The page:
Sail Away… Getting Around The Cyclades
The Cyclades are a collection of idyllic islands in the Aegean Sea, offering a perfect blend of spectacular beaches, ancient ruins, and bougainvillaea-adorned villages. This archipelago is a must-visit for anyone looking to escape the hustle and bustle of everyday life and immerse themselves in the isles’ laid-back lifestyle. Whether you’re a seasoned traveller or are just starting out, getting around the Cyclades needn’t be a chore. In this blog, we take you through everything you need to know about exploring this magical archipelago. From general travel advice to ferry top tips, and our favourite island routes, we’ve got you covered. So, sit back, relax, and join us on a journey from shore to shore of the Cyclades.
General travel advice
Ferries are a great mode of transport for travellers to discover the idyllic islands of the Cyclades. These islands are often inaccessible by air, but, with ferry ports conveniently located on many of the islands, getting around is a breeze. Journeys range from a quick half hour to a leisurely 4 hours, offering stunning views of the picturesque surroundings. Booking through nemo grants you access to all the information you need for your ferry journey, including the website for the ferry company and your Vamoos app with the ferry booking reference, port information, and timings – also allowing you to check in to your ferry 48 hours before departure. Just remember, for e-tickets without a QR code, you’ll need to pick them up at the ferry port. Say goodbye to the hassle of airport check-in procedures and hello to the refreshing sea air and warm sun while lounging on the ferry deck.
Discovering the Greek Island Ferry Network
– Athens to the Greek Islands: Your gateway to the Aegean. Enjoy the seamless connectivity of Athens to the Greek Islands with at least one ferry each day to/from Athens year-round. There are two ports in Athens – Piraeus is a bustling hub close to the centre, which most travellers will use thanks to its accessibility and choice of ferry routes. The second is Rafina, closer to the airport and offers a slightly more relaxed vibe but doesn’t have as many ferry route options.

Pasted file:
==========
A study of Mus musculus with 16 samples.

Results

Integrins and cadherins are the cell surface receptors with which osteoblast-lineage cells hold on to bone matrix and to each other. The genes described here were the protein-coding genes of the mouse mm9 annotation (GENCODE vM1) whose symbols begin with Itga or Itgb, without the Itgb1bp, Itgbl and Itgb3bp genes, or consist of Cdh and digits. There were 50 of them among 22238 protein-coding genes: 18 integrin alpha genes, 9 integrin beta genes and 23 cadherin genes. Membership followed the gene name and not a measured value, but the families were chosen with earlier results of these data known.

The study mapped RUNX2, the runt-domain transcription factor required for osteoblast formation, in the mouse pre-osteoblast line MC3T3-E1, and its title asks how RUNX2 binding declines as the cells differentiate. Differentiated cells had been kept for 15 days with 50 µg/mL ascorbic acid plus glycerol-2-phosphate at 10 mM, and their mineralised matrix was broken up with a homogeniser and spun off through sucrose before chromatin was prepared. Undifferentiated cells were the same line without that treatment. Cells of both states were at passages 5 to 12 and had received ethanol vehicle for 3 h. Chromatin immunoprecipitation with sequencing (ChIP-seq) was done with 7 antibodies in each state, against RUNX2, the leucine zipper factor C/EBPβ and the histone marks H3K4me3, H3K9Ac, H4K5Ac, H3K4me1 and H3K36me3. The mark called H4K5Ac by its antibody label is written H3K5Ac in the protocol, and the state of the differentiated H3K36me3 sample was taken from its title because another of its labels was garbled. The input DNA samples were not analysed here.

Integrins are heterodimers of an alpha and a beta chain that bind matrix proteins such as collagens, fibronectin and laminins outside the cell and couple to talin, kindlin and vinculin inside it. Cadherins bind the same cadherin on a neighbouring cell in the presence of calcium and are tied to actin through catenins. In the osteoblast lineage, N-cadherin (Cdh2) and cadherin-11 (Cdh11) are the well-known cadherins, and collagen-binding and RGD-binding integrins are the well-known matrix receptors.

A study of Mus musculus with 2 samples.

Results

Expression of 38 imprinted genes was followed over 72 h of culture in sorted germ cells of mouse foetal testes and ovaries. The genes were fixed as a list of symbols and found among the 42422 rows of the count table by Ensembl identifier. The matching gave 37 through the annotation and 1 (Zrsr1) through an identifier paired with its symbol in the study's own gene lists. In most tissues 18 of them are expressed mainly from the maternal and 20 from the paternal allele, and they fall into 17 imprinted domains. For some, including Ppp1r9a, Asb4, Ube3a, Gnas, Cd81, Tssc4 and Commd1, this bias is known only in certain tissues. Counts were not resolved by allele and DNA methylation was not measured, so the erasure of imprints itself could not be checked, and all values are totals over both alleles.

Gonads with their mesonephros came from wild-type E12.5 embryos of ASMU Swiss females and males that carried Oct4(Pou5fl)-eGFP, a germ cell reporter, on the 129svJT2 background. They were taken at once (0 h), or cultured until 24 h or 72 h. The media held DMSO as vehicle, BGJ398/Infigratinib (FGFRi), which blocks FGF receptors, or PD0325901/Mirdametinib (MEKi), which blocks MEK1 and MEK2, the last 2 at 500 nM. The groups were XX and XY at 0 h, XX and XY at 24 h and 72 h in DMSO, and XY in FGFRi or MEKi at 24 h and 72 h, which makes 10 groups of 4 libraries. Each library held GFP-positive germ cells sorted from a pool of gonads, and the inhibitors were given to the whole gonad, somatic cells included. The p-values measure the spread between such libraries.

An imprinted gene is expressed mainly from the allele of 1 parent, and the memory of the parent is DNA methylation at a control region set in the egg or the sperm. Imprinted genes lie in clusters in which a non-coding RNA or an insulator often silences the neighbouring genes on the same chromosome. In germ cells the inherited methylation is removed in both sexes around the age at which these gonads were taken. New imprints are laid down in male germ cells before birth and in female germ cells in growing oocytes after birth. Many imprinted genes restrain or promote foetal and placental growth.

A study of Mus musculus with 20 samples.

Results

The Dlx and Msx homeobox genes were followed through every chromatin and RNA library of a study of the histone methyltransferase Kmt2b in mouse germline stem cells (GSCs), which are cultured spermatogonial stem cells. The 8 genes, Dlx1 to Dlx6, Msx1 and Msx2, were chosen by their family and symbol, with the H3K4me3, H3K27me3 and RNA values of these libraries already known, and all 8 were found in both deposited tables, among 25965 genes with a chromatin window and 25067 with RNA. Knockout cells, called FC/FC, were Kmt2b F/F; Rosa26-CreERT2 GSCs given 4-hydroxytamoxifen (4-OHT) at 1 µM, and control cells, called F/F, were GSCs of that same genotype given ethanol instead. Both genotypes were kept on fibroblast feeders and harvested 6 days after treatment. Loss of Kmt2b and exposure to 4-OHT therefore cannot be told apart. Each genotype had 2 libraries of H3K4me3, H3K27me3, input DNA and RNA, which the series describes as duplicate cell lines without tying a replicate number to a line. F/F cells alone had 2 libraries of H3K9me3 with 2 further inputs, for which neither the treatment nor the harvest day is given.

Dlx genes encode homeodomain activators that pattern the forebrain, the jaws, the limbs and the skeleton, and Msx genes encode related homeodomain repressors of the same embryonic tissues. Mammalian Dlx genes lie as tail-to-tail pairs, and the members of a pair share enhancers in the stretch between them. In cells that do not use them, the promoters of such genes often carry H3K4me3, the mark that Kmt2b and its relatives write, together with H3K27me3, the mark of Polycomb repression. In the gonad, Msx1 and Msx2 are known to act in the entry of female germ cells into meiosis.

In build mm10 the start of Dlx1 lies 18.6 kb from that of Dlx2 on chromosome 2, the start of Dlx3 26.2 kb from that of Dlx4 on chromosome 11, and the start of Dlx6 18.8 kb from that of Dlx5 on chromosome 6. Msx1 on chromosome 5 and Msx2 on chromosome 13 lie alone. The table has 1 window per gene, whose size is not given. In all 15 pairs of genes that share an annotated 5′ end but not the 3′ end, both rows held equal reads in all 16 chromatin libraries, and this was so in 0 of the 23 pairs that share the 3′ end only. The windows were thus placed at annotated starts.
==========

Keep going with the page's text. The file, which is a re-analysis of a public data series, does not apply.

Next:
– Mykonos to Santorini: Summer Romance. The daily ferry route between Mykonos and Santorini is available from late March to early October. Plan ahead for the off-season with ferries via Athens or a scenic flight.
– Naxos, Paros, Ios to Santorini: Year-Round Convenience. The direct daily ferries between these diverse islands are offered year-round.
– Crete to Santorini: A Seasonal Escape. Explore the two largest islands of Greece with daily ferries running from late March to late October. Connect via Athens or fly over the Aegean for the rest of the year.
– Rhodes to Crete: A Slow-Paced Journey. Take in the sights of the Aegean with Rhodes’ sporadic ferry service to Crete, often on an overnight trip.
– Rhodes to Santorini, Mykonos, Cyclades: Indirect yet Intriguing. Daily ferries from Rhodes to Athens often stop at Syros, Naxos, or Paros, offering a chance to delve deeper into the Cycladic islands before connecting to Mykonos and Santorini.
– Corfu to Santorini, Crete, Mykonos: West Meets East. Unfortunately, there are no direct ferries from Corfu, Zakynthos, or Kefalonia to the popular destinations in the Aegean and beyond, such as the Cycladic islands, Crete, Rhodes, or any other islands in the Aegean.
– Italy to Greece: A Summer Affair. Take advantage of the seasonal ferry routes from the east coast of Italy to the west coast of Greece, reaching destinations such as Corfu, Igoumenitsa, and Patras. Sadly, there are no direct connections to the popular Greek islands of Crete, Santorini, Mykonos, or the Cyclades.
– Make sure that you arrive at the port around 45 minutes to an hour before departure, particularly if you are travelling with a vehicle — the ferry will not wait for you if you’re not there.
– Ferry services can be affected by strong winds. If it’s especially windy, you can contact the local port authority or the local travel agency to confirm your departure time. Handy tip: Track your ferry on the app!
– Travelling when the wind picks up may mean you’re in for quite a bumpy ride, we’d recommend taking a seasickness tablet for the journey if you’re prone – just in case.
– Tickets include one big piece of luggage per person alongside smaller bags for your personal belongings. Baggage does not need to be checked in.
– Transportation strikes in Greece sometimes occur, which can mean no taxis, ferries etc. Whilst these strikes can occur year-round, there is almost certainly one at the start of May. We will always endeavour to let you know if these are happening and if/how they will affect your route.
– Most Greek ferries will have some amenities available on board, think sandwiches, ice cream, pastries, chips, sweet snacks, beer, wine, coffee, and soft drinks.
– On large car ferries and large high-speed ferries, luggage storage is on the bottom level as you enter the ship. On smaller ferries, you will keep your luggage with you. Ferry companies in Greece are usually quite flexible regarding the number of items, luggage size, and weight. Keep in mind that there is no check-in procedure for luggage items.
– Come prepared for the business of the port, there’ll be lots going on and it doesn’t always feel like the smoothest of operations, with delays at times. Rest assured we will do all we can to prepare you for your journey and put your mind at ease with all your travel documents available within our app.